05 December 2010
Day 253: Kill and Kill Again
We meet a man named Mark Foreman pretty early in the book. He's one of the big bosses at Manchester Arms and therefore a potential Bad Guy. With the way he was introduced, you automatically want to like him. He's a down to earth guy, the kind of person you would want to be your boss if you worked in a factory job or other mind numbing labor. Quist and the reader meet Foreman for the first time while he's wearing work blues and greasy gloves, and he explains he's just been down in the factory, "Where the work actually gets done," to ensure product quality and make sure things are running smoothly.
It seems like there are so few bosses like this now it makes me cry.
I worked in a deli/bakery at Winn Dixie when I was 18 and there was one day we just didn't have the staff to cover. Instead of telling us to deal with it, my manager put on a hair net and a pair of gloves and started slicing meat with the rest of us schmucks. This impressed me greatly because the management at the previous job I had at a Christian thrift store was horrendous and downright unethical. To go from a place where the management actively tried to destroy their employees by firing them just before they would get benefits and then rehiring them after a period where their seniority was reset to a shining example of humanity and authority... well, I can't tell you how amazing that was.
Of course, it seems that in most companies people don't work their way up anymore. If you don't work your way up, you don't know how hard the people below you are actually struggling with their jobs, etc. You also don't know exactly what goes on or how things operate. If you don't know the basic functions of the workers below you, how can you possibly make good decisions about where to cut corners and how to improve assembly lines or service? If we're going to pay our corporate managers the wages of three to four people, shouldn't they know how to do the jobs of at least that many people well enough to take over for them in an emergency? Why are we only paying them for one job, as stressful as it may be?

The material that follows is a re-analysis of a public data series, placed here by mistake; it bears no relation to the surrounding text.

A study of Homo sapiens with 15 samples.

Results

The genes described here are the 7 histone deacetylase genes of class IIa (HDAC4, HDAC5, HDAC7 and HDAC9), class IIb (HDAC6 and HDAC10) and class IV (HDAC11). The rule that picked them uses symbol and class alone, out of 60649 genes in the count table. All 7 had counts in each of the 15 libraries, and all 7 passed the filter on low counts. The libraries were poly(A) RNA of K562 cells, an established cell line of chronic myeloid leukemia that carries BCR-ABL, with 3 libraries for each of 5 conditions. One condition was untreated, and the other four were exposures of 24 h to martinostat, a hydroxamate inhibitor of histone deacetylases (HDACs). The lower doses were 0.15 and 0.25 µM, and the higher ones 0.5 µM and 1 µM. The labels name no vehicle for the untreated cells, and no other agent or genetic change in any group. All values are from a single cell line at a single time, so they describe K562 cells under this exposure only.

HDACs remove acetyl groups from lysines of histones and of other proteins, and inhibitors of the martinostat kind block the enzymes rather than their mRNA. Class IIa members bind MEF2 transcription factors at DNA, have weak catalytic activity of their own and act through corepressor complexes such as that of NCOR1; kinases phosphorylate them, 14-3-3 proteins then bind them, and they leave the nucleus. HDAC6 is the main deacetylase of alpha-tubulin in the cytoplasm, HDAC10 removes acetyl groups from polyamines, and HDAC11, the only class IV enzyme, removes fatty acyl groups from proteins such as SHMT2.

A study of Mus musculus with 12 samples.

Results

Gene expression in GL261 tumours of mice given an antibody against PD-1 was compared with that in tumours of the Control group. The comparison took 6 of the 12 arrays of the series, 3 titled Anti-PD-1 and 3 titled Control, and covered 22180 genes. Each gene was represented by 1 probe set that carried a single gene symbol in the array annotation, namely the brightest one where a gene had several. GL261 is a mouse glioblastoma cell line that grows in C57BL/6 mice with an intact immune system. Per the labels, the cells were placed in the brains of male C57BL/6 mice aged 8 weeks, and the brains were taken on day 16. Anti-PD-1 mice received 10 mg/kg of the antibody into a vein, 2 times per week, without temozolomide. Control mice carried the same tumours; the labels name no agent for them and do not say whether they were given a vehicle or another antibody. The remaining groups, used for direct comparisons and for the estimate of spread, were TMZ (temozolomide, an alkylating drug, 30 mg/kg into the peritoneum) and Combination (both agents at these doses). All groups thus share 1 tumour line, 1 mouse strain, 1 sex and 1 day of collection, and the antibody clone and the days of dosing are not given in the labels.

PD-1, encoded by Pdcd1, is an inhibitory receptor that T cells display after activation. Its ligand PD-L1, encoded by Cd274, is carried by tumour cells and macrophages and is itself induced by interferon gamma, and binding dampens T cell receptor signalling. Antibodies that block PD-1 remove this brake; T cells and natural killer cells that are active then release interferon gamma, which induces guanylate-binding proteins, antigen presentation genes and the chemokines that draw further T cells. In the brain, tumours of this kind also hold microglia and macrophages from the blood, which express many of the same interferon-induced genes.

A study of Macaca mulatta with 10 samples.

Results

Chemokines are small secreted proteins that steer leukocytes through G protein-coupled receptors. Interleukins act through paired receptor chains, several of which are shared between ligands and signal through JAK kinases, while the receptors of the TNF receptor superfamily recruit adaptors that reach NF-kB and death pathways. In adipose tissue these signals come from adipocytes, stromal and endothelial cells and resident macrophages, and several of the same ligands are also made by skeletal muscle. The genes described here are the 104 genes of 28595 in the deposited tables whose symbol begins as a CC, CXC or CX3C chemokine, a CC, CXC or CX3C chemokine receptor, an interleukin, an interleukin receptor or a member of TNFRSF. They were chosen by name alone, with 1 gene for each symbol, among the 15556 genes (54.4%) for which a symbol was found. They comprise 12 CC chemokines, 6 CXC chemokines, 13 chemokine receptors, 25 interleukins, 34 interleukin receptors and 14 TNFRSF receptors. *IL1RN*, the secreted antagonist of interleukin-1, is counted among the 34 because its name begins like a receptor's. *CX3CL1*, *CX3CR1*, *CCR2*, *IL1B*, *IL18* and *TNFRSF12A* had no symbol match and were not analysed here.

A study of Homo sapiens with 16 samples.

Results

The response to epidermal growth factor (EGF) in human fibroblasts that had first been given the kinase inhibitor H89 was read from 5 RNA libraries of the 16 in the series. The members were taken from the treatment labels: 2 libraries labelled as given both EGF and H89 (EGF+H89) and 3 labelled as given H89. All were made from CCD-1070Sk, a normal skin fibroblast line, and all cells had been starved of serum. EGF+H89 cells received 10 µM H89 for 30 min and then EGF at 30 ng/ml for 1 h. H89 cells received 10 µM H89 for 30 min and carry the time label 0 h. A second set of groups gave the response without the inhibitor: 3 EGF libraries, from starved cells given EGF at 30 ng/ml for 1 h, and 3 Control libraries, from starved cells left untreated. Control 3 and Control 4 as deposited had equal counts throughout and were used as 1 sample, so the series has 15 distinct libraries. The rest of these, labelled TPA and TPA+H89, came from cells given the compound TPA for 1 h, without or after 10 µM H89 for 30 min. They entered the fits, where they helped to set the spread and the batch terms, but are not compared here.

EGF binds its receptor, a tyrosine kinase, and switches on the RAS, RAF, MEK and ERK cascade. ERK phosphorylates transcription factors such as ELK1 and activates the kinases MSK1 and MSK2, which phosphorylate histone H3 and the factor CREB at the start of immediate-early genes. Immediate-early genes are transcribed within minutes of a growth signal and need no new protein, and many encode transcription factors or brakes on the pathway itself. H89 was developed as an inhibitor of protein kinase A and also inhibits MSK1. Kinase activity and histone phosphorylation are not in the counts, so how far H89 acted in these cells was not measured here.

I think if corporate managers knew how hard people worked at those jobs, they wouldn't be so quick to lay them off instead of giving up their bonuses. I think they would realize how much they need those workers to provide the best possible service, the best possible product, and to do so in the safest way. And this goes for pretty much every industry. As a librarian, it often angered me to see people enter the library school program with intentions of becoming a librarian without first having any experience as a page, and no intentions of getting that experience. If you aren't willing to go into the stacks and pull or shelve the books, I don't think you should even think about asking someone else to do it for you when you're a manager.
According to the review from Publisher's Weekly on Amazon.com, this wasn't even a very good book when it was published. Psst, I don't like linking to Amazon either.